The Top 5 Viral Video Lessons GoPro Has Taught Us
There’s a large lion charging a man through tall grass. He’s not frightened, doesn’t take any steps back, and holds his ground. We see it as he does – from his perspective, except behind a screen. Another lion charges, jumps in his arms and knocks him down. The man is laughing, the lions don’t stop.
We watch, transfixed, expecting the worst to happen – it doesn’t. And as we continue to watch for another 15 minutes, we are all struck by the same critical question we all hold in our minds: “Is this guy crazy?”
GoPro’s video “GoPro: Lions – The New Endangered Species?” Features Kevin Richardson as he wrestles, nestles and meddles with lions and hyenas in South Africa. The video is part National Geographic documentary and part public service announcement (PSA) with a goal to generate awareness of these animals’ disappearing in their native habitat.
The 15 minute video is 30x longer than your average television spot is (at the time of this writing) trending at #11 on the Viral Video Global Ads Chart (last 30 days). As marketers we’ve always been told to keep videos under 5 minutes for virality – have the rules been rewritten? Perhaps, but let’s allow Devra Prywes of Unruly to help us analyze further.
Stats: GoPro’s “GoPro: Lions – The New Endangered Species?”
Launched November 20, 2013
Total Shares: 600,251
Analysis of GoPro’s Social Video Engagements March 2013-March 2014
Source: Unruly Analytics(™), tracking social sharing reactions (Facebook shares, likes and comments; Tweets and Blog shares)
Five key best practices in GoPro’s viral video strategy
1. GoPro is constantly creating and releasing online video, and often quite lengthy pieces. Having an always-on content strategy keeps a brand at the forefront of the conversation and creates an elevated baseline for social video share of voice. By having steady stream of content, and providing distribution support behind the stronger pieces, each new release will encourage sharing of recent releases and eke more value from the available content. The more content a brand has available and in the market, the harder that content works to deliver ROI.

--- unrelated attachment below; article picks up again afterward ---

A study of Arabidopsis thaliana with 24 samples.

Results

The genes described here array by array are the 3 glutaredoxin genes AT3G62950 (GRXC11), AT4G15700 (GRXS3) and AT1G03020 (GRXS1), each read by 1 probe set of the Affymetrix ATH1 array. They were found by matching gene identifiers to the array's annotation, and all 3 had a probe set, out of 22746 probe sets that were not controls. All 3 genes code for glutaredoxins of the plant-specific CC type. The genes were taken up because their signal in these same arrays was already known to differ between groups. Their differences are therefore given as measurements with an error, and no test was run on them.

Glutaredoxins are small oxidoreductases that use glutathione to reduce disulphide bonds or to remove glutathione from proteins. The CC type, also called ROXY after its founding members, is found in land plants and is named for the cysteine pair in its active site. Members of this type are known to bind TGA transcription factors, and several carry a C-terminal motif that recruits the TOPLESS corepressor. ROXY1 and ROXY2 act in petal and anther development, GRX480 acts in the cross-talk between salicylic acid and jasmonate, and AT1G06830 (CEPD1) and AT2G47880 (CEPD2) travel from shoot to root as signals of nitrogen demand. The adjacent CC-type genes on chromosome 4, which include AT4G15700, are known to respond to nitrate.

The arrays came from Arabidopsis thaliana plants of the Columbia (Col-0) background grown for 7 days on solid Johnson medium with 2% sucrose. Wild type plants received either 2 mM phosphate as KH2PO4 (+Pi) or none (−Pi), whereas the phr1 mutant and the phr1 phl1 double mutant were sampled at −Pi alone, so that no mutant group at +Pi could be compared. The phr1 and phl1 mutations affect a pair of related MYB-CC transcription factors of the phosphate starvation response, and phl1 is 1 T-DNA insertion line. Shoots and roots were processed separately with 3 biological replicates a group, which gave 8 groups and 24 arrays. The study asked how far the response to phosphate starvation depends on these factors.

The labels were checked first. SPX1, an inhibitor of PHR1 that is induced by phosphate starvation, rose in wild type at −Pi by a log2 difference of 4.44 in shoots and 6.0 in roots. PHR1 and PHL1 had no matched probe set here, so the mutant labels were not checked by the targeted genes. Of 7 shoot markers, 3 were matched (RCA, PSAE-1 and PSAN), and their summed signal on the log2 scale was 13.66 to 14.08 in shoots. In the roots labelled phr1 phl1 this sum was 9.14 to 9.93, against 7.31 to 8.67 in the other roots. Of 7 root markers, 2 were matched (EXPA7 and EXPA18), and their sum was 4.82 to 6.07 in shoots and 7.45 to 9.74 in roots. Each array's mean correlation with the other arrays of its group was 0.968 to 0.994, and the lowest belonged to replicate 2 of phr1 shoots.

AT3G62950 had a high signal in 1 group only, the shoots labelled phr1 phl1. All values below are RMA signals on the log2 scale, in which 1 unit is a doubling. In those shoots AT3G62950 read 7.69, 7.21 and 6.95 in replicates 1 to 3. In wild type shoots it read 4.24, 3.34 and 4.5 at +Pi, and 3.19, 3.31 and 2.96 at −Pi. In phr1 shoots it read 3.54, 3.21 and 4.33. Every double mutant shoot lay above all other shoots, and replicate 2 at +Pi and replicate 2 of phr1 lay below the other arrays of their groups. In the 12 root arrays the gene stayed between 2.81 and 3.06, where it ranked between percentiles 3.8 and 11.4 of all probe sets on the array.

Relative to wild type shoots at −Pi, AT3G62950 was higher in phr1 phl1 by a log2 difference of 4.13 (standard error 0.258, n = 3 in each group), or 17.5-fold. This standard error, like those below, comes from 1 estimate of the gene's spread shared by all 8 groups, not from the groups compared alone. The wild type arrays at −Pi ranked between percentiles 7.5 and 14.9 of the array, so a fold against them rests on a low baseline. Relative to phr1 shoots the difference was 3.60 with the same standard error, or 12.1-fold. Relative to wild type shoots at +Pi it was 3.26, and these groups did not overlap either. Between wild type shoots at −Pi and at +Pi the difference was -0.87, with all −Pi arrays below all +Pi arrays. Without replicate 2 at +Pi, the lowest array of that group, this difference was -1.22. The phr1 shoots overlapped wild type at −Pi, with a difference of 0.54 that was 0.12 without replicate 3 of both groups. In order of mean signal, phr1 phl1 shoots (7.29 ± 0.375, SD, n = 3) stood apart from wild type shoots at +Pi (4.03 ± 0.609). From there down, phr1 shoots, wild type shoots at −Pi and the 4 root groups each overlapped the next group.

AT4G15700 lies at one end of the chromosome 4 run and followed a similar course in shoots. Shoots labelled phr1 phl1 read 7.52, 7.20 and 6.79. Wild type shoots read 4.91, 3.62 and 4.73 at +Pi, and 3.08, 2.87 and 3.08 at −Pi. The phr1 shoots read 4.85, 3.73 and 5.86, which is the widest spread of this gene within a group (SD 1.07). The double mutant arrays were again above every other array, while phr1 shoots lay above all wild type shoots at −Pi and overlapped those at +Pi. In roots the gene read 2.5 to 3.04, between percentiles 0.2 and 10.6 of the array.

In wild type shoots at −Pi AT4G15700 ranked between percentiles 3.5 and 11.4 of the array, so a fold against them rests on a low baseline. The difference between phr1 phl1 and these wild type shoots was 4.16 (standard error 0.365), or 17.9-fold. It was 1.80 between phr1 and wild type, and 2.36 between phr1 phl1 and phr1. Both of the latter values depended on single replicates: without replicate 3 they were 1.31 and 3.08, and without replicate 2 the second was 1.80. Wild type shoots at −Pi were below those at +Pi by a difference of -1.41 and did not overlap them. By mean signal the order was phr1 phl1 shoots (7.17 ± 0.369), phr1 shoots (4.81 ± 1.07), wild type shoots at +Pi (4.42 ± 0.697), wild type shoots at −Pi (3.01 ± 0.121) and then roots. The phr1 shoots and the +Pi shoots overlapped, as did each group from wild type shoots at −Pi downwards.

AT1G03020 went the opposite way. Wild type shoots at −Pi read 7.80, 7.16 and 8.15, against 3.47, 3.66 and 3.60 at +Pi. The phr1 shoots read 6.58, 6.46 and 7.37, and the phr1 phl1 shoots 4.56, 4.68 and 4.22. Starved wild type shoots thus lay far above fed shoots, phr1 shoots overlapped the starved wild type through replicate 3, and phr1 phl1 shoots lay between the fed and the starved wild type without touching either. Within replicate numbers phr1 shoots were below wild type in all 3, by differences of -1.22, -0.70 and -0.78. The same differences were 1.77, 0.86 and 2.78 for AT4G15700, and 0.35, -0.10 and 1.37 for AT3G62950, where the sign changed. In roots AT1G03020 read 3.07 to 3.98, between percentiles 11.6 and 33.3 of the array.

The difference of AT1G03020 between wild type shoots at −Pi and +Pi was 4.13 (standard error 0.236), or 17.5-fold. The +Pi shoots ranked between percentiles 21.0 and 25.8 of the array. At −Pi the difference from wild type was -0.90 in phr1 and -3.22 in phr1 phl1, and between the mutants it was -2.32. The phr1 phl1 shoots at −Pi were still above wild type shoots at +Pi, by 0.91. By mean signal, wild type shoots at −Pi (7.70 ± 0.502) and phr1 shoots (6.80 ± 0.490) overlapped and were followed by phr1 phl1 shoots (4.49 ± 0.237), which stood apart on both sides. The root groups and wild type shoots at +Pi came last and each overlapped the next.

2. GoPro does a great job in getting people to share their videos by eliciting strong psychological responses of exhilaration, knowledge, awe and warmth. Viewers feel these reactions with intensity – which drives sharing activity. We are moved to share because the video triggers the following social motivations: shared emotional experience (we share so our with our friends and family can have a similar reaction), shared passion (we think fellow animal lovers, people who love lions and African wildlife, and animal conservationists will enjoy this video), social good (this is where the PSA angle comes in handy to drive sharing – people love to share to promote a cause) and for social utility (viewers will send to people in the market for an adventure camera).
3. Most marketers would be worried about distributing an online video that is 14:42 long. But according to Prywes, it’s a myth that video needs to be short to be shared. So long as video content packs an emotional punch and elicits intense psychological responses and social motivations, run time does not affect sharing; as demonstrated by GoPro’s high 5.4% share rate (shares as a percentage of views).
4. Social video lives forever, and as zeitgeist events take place, video sharing can resurge. Note that “Lions – An Endangered Species?” was released around Thanksgiving last year, and is trending again in March. We often see additional paid media campaigns creating bumps in activity on the Viral Video Chart. “Lions” also benefitted from a zeitgeist bump, when National Geographic published information on the Lion Safari Project in February.
5. GoPro isn’t afraid to include their branding in their video. Research has shown that along with runtime, prevalence of branding has no correlation with shareability. Some of the most highly shared videos are heavily branded (e.g. check out Coca-Cola KO +0.81%’s videos – often with a big red vending machine). GoPro bookends their spot with the camera and logo, includes their name in the title of the video, and includes an overlay of their camera to make it very clear which company created the video for viewers to enjoy.
The Social Diffusion Curve
According to Prywes and Unruly, when distributing content, launch to a large base early. Their research demonstrates that 200 of the most shared videos has shown that success happens early in a campaign and that the first few days’ worth of shares are a percentage of the success of the overall campaign. The viral peak of a video occurs on day 2 after launch, and the video achieves 25% of its total shares within the first three days after launch. Therefore, a strong video launch will result in both short-term and long-term success.